Nancy Rampley fought repeatedly for a pension based upon her husband Riley’s service in Company D of the 78th Illinois Volunteer Infantry. That was bad for her, but good for her descendants in that a special examiner was sent out to obtain testimony from Nancy and several of her neighbors.
Nancy’s sixteen-page testimony, given on 14 August 1902, provided several direct genealogical statements including the following:
“I was born near Milroy, Rush County, Indiana. My maiden name was Nancy J. Newman. My father’s name was William Newman. My mother’s name was Rebecca Newman. Her maiden name was Rebecca Tinsley. My father and mother are both dead. They died near to Moberly, Randolph County, Missouri.
There is nothing more specific bout the Newmans in Nancy’s pension file. All that can be inferred from Nancy’s statement is that her parents were dead as of the date her statement was made: 14 August 1902. William and Rebecca have not been located in the 1880 census. They are enumerated in the 1870 census in Hancock County, Illinois, where they had moved in the 1860s from White County, Indiana.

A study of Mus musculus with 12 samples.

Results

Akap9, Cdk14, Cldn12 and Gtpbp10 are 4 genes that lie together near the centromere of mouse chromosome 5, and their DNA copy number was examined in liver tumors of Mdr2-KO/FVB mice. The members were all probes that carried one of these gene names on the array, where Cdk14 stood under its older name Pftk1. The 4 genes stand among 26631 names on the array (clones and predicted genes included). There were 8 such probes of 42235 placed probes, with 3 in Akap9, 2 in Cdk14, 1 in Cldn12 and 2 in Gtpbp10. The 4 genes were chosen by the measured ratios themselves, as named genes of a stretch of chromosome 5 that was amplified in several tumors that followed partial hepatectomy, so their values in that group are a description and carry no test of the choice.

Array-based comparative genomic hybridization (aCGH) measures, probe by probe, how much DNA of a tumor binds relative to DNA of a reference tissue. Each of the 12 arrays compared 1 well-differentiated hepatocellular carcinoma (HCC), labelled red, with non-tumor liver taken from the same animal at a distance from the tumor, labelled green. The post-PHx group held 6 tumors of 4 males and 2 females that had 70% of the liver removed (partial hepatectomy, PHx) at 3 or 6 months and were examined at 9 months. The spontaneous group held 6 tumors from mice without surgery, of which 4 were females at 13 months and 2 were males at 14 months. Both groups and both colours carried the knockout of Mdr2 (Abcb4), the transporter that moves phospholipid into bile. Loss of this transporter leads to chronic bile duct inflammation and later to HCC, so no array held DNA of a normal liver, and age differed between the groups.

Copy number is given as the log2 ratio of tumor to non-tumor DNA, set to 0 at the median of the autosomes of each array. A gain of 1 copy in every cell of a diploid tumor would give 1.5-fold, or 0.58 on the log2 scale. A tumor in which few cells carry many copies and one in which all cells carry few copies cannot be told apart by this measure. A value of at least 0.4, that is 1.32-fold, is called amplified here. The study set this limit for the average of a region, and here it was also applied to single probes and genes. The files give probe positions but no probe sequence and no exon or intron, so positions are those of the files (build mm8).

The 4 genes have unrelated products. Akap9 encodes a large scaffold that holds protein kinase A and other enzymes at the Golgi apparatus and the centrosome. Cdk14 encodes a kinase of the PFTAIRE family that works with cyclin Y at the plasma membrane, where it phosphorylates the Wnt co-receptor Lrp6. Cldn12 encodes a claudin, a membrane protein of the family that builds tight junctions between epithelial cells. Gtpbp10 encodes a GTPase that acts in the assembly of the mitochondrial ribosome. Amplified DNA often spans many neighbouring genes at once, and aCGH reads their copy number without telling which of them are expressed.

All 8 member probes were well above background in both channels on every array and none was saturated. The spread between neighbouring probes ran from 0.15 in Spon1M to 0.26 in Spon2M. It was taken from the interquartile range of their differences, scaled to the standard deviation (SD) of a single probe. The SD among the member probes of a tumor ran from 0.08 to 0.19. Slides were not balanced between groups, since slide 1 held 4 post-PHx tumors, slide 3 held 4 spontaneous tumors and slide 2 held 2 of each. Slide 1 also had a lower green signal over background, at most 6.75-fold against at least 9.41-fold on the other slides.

Census records, pension records, and vital records on their children allow the researcher to establish a list of the known children of William and Rebecca.
What’s missing is a precise date of death and a precise place of death.
And that may never be found. If William and Rebecca owned no real property at their death, then it is not surprising that there is no probate file. Missouri death records in the 1880s are incomplete. None of William and Rebecca’s other children lived in the immediate Moberly area–it is possible they are buried in an unmarked grave or one that received little attention or care after the stone was erected. I may not find any good record of their death or burials.
Of course they are deceased-that’s not really the question. There are sites and compilations that have a death year for them–but something with a source is what I’m after.
The question is how much time do I want to spending trying to get at an exact date and place of death.
Or do I just go with what great-great-grandma Rampley said and move on (citing her testimony as the source)?
It’s a decision we all have to make, balancing time, money, and other research interests.